Month: September 2013
A few days ago my mom sent me a link to a version of The Beatles’ Abbey Road with the vocal tracks completely isolated. Being a lifelong Beatles enthusiast, I was excited and curious to hear what the band’s final album sounded like sans musical instruments. I put it on this morning as I was making my coffee, and allowed the three part harmonies to wash over me. It’s definitely an interesting experience to hear very familiar songs sung without the usual accompaniment of guitar and bass and keyboard. I found myself focusing on the way the harmonies built on each other, and how the different tenors of the singers’ voices blended and complemented each other. But as the final song ended, I couldn’t help thinking to myself how much better I liked the original version, instruments included.
There’s a very, very famous quote that, although commonly attributed to Aristotle, actually originated with Gestalt psychologist Kurt Koffka. I’m sure you’ve heard it many times before: “The whole is more than the sum of its parts.” This is an integral concept to Gestalt psychology, in that our perception of any whole exists as an independent entity from all of its parts perceived individually. The sum is not necessarily greater, or better, but it does exist as other than the sum of its parts. A house is more than the bricks, mortar, timber and metal that went into its construction. A year is more than all of its days added together.
Here’s the thing about me: a new project is always–always, always–more exciting than a project I’ve been working on for a while, or worse yet, a project that I’m revising. If you read my blog regularly you’ll know that I’m currently completing revisions for my novel after putting it through beta, and hoping to have it ready for querying in the next few weeks. But revisions suck. They’re boring and tedious and frustrating. A new project, on the other hand, is shiny and new and fun!
I’ve been trying to be good, to put this new project on the back burner until I’m finished with revisions, but I can’t stop thinking about it, and it’s been giving me insomnia. I’ll turn off the light, and ideas immediately flood into my brain, settings and characters and names and plot points crowding together and shouting to be heard. And because it’s so new and exciting, it’s hard not to humor my uncooperative writer’s mind, and before I know it it’s 2 o’clock in the morning and I haven’t slept a wink, nor am I any closer to sleep than when I got under the covers.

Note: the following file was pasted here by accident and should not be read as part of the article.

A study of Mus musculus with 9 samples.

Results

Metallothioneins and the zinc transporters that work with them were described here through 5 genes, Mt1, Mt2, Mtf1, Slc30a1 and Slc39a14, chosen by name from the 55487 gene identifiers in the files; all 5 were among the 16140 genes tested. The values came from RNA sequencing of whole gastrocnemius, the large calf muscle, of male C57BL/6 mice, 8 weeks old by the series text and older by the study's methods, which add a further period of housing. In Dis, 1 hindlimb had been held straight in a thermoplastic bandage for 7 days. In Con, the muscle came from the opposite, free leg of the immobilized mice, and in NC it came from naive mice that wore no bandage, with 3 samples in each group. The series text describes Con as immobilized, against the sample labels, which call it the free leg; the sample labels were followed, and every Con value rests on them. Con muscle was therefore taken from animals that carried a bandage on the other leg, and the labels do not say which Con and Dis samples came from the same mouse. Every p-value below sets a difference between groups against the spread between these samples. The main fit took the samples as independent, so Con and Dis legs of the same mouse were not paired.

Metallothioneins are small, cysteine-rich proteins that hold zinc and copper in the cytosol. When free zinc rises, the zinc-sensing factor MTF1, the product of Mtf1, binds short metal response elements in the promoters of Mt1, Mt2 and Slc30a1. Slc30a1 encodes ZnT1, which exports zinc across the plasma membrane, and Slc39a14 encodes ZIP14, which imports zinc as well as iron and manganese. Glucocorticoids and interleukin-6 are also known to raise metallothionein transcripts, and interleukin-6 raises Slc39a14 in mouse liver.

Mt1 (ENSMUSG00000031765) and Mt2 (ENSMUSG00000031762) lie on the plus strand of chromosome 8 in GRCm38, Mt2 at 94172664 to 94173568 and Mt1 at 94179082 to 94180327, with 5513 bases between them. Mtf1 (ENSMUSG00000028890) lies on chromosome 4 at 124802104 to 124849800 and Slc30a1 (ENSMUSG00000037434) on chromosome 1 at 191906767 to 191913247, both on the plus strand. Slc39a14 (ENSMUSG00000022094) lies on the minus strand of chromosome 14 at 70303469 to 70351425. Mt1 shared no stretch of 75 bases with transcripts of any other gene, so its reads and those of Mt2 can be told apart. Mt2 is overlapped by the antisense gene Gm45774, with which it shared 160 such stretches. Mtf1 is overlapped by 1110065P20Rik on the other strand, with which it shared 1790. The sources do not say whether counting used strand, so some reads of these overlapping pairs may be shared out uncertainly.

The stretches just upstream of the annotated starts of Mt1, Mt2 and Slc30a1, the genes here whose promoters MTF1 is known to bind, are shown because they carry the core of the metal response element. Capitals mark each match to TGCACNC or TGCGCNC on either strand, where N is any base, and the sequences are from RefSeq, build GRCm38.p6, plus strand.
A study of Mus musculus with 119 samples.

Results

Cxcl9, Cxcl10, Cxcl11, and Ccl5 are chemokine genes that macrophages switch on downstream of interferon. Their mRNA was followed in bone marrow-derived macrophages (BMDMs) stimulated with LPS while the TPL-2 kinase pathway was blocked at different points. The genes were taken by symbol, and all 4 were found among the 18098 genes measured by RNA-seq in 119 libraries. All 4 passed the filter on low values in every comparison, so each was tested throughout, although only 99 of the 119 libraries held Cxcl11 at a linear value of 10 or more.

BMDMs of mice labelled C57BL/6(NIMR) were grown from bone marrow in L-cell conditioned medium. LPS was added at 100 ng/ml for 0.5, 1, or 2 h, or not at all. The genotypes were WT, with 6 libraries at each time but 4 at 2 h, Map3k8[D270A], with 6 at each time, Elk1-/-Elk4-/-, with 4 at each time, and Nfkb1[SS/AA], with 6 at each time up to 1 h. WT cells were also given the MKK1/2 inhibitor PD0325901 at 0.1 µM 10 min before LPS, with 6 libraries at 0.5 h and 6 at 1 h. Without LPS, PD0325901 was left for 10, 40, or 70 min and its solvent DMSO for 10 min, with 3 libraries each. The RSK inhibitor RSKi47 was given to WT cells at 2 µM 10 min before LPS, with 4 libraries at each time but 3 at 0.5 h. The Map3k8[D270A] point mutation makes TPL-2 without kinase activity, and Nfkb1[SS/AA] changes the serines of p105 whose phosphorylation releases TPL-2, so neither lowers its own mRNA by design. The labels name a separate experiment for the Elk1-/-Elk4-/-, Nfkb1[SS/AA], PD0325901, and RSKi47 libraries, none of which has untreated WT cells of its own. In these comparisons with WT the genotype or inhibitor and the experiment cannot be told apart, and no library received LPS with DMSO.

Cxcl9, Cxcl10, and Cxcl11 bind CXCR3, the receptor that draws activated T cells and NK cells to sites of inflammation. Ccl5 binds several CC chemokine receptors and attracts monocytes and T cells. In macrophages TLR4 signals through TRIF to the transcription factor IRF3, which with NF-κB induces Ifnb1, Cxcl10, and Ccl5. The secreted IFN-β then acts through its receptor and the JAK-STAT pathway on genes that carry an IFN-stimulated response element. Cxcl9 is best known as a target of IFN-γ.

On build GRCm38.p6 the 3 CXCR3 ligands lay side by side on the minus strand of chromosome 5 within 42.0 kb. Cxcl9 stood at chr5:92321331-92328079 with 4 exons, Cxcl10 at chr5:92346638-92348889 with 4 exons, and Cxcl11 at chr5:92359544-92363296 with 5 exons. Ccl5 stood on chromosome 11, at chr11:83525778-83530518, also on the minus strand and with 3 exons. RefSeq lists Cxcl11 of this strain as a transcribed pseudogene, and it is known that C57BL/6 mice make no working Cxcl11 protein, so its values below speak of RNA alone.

“If music be the food of love, play on!” –Duke Orsino, from Twelfth Night, by William Shakespeare
I grew up with music. My mom and my dad are both musical people; my mom is a singer and both a pianist and a piano teacher, and my dad also sings as well as plays the guitar and the Irish bodhrán. Music was a constant in my house: classical music on NPR with breakfast, The Who on the way to school, piano lessons in the afternoon, lullabies before bed. I think I knew all the words to every Beatles song in existence before I even knew how to read. My mom teaches the Suzuki method, so the Suzuki tapes were on constant repeat at home and in the car (to this day, I hear can hear certain classical music pieces and know what song comes next in the Suzuki method). Music was like air, all around and impossible to not consume.
I’m grown up now, and although music may not be as integral to my life as it was when I was younger, I still enjoy music on so many levels. A gorgeous song or a certain vocalist or an impressive guitar riff can take my breath away. When I find an album that I adore I will literally listen to it on repeat because I can feel the songs in my bones and in my blood. Music still inspires and uplifts me.